Endo shines as Japan run riot
Scrum.com
May 1, 2010
Japan's Kosuke Endo stretches the Korea defence, Korea v Japan, Asian Five Nations, Kyungsang, Korea, May 1, 2010
Japan's Kosuke Endo crossed for a remarkable five tries in his side's demolition of Korea © Getty Images

Winger Kosuke Endo was the star of the show with a remarkable five-try effort as Japan laid down an impressive marker to their Asian rivals. In a classic game of two halves, two-time champions Japan started slowly as the Koreans came out with a ferocious intent that saw them push the Japanese to the limits of their defence early on. Unfortunately, fly-half Yoon Hee-Soo missed two of three kickable penalties in the opening period which prevented the Koreans from turning that early momentum into a significant advantage on the scoreboard.

Despite a stuttering start, Japan did just enough to distance themselves over the course of the first half to take a 19-3 lead at half-time thanks to tries from hooker Shota Horie, scrum-half Fumiaki Tanaka and winger Endo. The ever-reliable Ryan Nicholas added two conversions in the first half, and would finish with eight on the day.

Korea's defence was characteristically strong early on but the side let themselves down through repeated infringements that saw the inevitable sin-binning - this time to Korean scrum-half Park, Wan-Yong in the 37th minute. The resulting man advantage to Japan put paid to Korea's promising start. By the time Park re-entered the contest early in the second half, Japan had extended its lead to 33-3 and would never look back.

Japan came out firing on all cylinders in the second stanza, paced by a remarkable four more tries by Endo. Japan's Yasunori Nagatomo scored in the 41st minute and from that point on it was virtually one-way traffic as Takashi Kikutani, Hitoshi Ono and Hiroki Yuhara all crossed for tries. Endo's quartet in the second half came in a 22-minute spell with the 29-year-old dotting down in the 58th, 68th, 71st and 80th minutes.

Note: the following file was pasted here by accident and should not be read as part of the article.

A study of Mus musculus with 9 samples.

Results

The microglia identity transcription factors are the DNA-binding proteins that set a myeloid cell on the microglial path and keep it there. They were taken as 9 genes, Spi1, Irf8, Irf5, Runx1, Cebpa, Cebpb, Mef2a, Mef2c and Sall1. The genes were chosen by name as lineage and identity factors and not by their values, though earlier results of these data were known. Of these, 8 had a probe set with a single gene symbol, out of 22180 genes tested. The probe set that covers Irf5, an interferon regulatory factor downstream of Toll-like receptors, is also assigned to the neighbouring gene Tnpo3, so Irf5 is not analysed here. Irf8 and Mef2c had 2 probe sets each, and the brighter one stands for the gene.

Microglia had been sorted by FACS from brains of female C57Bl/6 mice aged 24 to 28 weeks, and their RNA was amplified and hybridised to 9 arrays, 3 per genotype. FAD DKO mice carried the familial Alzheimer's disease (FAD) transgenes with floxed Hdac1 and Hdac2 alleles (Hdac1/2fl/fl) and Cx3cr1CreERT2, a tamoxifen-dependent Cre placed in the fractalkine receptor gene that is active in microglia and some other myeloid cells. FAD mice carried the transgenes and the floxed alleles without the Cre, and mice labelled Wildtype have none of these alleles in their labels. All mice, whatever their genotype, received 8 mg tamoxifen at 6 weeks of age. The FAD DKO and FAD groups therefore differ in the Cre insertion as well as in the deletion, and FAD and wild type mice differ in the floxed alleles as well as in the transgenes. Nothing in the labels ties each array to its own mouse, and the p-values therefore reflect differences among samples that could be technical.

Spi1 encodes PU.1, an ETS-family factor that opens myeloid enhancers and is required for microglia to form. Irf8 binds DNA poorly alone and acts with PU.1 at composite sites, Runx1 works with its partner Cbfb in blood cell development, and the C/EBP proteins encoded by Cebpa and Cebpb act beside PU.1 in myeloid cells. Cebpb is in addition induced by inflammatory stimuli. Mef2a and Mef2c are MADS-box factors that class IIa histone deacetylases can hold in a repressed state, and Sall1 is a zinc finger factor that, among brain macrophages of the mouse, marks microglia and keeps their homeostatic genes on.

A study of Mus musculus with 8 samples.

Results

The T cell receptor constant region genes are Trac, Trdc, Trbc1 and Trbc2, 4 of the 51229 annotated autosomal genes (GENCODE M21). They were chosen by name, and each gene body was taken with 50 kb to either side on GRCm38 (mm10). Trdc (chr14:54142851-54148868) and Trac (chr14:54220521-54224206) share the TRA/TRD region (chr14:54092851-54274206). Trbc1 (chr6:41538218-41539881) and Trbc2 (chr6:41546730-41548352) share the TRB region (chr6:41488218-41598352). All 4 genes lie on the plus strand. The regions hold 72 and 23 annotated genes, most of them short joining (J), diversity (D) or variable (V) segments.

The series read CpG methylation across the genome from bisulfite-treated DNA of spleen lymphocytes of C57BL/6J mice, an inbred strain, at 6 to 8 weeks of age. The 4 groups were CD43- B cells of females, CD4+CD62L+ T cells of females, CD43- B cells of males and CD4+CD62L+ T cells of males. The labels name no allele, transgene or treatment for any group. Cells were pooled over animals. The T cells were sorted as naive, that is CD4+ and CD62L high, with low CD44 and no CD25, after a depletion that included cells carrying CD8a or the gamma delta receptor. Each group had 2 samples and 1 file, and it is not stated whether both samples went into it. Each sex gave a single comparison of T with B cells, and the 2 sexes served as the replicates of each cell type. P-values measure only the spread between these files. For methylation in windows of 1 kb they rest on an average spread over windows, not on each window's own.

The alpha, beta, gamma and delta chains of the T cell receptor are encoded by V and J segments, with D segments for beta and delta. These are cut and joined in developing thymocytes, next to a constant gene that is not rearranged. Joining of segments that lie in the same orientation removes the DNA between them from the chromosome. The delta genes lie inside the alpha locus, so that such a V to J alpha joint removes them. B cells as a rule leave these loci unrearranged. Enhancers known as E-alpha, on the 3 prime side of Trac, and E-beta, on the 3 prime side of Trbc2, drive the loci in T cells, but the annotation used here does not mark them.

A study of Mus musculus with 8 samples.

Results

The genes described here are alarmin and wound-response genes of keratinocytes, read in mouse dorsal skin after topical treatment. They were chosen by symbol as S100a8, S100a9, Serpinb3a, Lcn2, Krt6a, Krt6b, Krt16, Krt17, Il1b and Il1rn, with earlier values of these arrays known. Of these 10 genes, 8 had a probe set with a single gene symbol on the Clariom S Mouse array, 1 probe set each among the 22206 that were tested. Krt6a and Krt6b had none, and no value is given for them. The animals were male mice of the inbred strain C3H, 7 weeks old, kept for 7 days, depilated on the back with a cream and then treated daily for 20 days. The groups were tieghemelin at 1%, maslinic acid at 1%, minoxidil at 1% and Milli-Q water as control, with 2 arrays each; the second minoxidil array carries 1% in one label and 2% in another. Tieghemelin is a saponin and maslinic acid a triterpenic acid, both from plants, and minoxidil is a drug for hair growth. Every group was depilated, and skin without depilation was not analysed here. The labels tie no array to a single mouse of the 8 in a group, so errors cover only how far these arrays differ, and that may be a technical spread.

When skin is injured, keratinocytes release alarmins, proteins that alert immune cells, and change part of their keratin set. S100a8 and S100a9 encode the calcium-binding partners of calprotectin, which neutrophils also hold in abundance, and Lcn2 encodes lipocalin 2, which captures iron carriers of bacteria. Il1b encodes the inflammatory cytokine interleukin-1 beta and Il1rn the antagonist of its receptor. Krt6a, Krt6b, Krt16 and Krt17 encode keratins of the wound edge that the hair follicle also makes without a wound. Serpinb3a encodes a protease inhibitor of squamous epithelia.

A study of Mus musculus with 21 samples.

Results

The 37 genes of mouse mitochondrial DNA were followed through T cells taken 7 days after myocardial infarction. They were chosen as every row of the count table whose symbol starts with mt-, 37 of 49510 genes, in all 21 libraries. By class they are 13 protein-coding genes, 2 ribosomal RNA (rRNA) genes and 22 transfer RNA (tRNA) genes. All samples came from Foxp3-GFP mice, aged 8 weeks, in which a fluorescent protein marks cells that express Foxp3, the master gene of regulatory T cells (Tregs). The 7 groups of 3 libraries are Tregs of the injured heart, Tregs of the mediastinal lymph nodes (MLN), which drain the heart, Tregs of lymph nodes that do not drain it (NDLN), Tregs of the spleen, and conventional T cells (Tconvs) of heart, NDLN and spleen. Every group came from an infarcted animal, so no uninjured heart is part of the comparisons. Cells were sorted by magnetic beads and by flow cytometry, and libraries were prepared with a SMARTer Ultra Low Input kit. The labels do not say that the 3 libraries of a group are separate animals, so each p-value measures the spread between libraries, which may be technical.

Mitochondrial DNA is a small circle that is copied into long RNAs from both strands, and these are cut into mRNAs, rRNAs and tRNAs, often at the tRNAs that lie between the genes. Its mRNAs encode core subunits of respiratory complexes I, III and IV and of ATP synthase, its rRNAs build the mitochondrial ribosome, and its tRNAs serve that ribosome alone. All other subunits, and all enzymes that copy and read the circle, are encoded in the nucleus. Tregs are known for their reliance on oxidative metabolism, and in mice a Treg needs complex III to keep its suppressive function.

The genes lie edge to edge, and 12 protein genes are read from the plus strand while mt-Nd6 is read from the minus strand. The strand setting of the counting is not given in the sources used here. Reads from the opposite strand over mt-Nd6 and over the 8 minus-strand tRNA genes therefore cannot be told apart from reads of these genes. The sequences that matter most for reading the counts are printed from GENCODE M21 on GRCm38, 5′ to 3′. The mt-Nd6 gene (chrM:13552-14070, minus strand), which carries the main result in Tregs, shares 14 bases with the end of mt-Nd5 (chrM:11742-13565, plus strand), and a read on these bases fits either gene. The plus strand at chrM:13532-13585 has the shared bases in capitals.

Korea managed a try by Chae Jae Young - who plays his rugby in Japan with Toshiba - and a conversion and penalty by Oh Youn Hyung, but the fact that the last Korean penalty came in the closing stages showed that they had run out of ideas.

With their three remaining games in Tokyo, Japan remain on course to be Asia's automatic entry at next year's IRB Rugby World Cup where they would be seeded in Pool A alongside the hosts New Zealand, France, Tonga and Canada. But they will need to improve on their opening 40 minutes if they are to fulfil coach John Kirwan's hopes of winning at least two games next year in New Zealand.

"The first half was not to our level," said Kirwan. "We need to work harder moving forward. But I will take it as a first game and tell the team to start from the second half."

Japan now returns home for three matches at the legendary Prince Chichibu Memorial Stadium in Tokyo against the Arabian Gulf, Kazakhstan and Hong Kong. Next up for Korea is a much improved Arabian Gulf in Dubai in two weeks before finishing against Kazakhstan on May 22 in Seoul.

The Arabian Gulf secured their maiden Asian Five Nations win by seeing off the challenge of Hong Kong 16-9 in Bahrain on Friday. Hong Kong's opening win over South Korea had given them confidence heading into the second round but in front of a small yet committed crowd the Arabian Gulf produced the goods. Fly-half James Love slotted 11 points from the boot as they got their campaign back on track after an opening round reversal to Kazakhstan in Almaty.

The only try of the game went to the home side's scrum-half Jonny MacDonald while Hong Kong were limited to three penalties from the boot of pivot Keith Robertson. "It was a great effort from the boys," Arabian Gulf skipper Michael Cox-Hill said. "They could not have given any more than they did."

Next week sees one of the pivotal matches of the entire series as Hong Kong hosts last year's runners-up Kazakhstan.